Cora Boone Biography

Cora Boone




Cora M. Boone, teacher, watercolorist, enamelist, and printmaker, was born in St. Louis, Missouri on November 18,1871. The Boone family tree proves her to be a direct descendant of Daniel Boone. Her family moved to California in 1876 settling in San Francisco. In the 1890s Boone studied at the Mark Hopkins Institute in San Francisco, then continued with studies in Paris, and, in 1912, she attended the Central Arts and Crafts School in London.

The following year Boone returned to California and was hired as an Art Supervisor in the Oakland public schools system, a position she held until 1935. She also taught art in public schools in Danville and Benicia, California.

Boone's decorative bronzes and copper enamels were included in the 1915 Panama Pacific International Exposition in San Francisco where she won the bronze medal for copper enamel.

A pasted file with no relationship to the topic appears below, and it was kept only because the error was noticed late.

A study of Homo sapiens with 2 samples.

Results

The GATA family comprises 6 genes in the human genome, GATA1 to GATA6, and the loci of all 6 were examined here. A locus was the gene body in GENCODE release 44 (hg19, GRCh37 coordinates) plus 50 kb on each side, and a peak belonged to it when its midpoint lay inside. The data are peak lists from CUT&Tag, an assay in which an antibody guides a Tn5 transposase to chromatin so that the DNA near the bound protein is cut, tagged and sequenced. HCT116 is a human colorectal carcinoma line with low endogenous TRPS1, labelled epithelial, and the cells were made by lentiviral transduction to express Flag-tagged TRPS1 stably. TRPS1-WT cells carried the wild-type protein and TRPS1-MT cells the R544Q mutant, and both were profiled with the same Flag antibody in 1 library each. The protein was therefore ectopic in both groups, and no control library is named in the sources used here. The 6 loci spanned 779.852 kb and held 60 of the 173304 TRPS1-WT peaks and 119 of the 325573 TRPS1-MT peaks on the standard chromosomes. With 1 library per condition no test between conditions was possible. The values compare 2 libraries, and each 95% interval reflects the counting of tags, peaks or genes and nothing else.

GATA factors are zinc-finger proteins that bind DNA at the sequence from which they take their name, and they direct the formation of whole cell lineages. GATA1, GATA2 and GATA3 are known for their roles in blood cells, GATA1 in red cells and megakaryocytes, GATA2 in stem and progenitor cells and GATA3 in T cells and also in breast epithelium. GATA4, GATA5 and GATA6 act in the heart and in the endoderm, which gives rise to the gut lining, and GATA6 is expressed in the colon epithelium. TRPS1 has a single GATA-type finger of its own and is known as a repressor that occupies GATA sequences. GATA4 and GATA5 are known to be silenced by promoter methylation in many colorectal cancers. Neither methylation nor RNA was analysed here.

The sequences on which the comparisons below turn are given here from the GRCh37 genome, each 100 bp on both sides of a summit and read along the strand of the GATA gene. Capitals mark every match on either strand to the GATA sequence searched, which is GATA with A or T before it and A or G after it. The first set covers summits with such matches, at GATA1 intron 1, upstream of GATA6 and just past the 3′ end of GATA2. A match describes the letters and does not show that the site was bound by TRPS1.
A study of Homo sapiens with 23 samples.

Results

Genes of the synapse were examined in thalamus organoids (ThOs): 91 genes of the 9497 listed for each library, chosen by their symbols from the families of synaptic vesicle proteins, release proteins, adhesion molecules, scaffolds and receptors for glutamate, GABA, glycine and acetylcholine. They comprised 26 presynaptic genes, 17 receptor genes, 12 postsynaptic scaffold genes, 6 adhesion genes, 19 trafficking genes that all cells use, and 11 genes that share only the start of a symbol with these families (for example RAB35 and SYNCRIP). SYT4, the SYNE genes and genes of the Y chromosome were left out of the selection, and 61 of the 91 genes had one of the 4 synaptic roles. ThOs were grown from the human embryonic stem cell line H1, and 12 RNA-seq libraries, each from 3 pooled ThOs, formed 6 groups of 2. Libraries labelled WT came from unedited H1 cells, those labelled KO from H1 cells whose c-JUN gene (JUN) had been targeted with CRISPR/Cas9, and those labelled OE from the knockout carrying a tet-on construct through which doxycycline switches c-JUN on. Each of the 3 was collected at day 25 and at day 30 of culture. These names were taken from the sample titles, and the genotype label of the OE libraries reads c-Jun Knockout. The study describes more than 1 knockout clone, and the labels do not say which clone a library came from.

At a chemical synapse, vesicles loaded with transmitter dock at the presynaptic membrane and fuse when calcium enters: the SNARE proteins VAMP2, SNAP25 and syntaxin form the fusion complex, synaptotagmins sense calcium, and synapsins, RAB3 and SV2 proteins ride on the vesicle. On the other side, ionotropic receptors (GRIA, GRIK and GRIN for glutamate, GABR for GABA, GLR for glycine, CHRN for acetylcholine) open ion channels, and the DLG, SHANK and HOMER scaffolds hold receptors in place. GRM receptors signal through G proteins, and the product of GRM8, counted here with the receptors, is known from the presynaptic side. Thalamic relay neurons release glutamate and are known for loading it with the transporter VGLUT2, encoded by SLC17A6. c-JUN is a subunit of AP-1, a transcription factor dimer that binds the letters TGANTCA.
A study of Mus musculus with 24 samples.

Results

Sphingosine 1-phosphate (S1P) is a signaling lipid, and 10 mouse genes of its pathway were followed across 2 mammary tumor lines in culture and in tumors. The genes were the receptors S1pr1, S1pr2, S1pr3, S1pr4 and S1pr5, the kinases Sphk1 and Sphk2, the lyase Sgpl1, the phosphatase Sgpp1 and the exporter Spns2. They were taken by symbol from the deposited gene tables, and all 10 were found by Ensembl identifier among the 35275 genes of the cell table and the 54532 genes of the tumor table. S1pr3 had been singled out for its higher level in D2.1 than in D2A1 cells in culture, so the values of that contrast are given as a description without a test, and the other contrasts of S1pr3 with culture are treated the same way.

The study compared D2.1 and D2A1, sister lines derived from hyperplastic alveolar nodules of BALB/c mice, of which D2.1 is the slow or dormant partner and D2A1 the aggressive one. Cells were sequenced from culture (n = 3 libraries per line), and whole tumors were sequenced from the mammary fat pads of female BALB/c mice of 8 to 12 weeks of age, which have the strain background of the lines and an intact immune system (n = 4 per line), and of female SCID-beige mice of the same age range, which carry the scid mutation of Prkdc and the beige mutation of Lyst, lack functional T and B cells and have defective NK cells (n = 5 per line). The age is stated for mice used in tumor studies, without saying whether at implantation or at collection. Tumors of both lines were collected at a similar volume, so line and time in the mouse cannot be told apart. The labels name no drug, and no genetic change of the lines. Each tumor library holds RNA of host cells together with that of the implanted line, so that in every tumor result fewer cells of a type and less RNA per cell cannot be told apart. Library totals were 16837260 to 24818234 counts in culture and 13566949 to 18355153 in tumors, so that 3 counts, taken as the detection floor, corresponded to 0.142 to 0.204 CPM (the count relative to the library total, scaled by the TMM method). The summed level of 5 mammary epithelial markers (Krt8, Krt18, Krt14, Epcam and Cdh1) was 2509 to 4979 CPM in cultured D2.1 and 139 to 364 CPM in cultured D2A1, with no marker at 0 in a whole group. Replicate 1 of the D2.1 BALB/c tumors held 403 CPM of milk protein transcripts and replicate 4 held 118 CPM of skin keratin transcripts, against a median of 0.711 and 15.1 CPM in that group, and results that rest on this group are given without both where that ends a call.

About 1920, Blanche Lazzell taught Boone the techniques of the white-line woodcut also known as the Provincetown technique or the one-block woodcut. Boone's imagery included florals and figures and were highly decorative. Boone taught white-line color woodcut technique to other art teachers including William S. Rice who excelled in the technique.

A member of the San Francisco Society of Women Artists and Boone exhibited at the California Liberty Fair in 1918, the Pennsylvania Academy of Fine Arts in 1922, the San Francisco Art Association, the Oakland Art Gallery in 1928, the California State Fair in 1930, The San Francisco Museum of Modern Art Inaugural exhibition in 1935 and the Golden Gate International Exposition in 1939 and 1940.

Her work is included in the collections of the Oakland Museum and the Worcester Art Museum.

Cora Boone died in Oakland, California on December 7, 1953.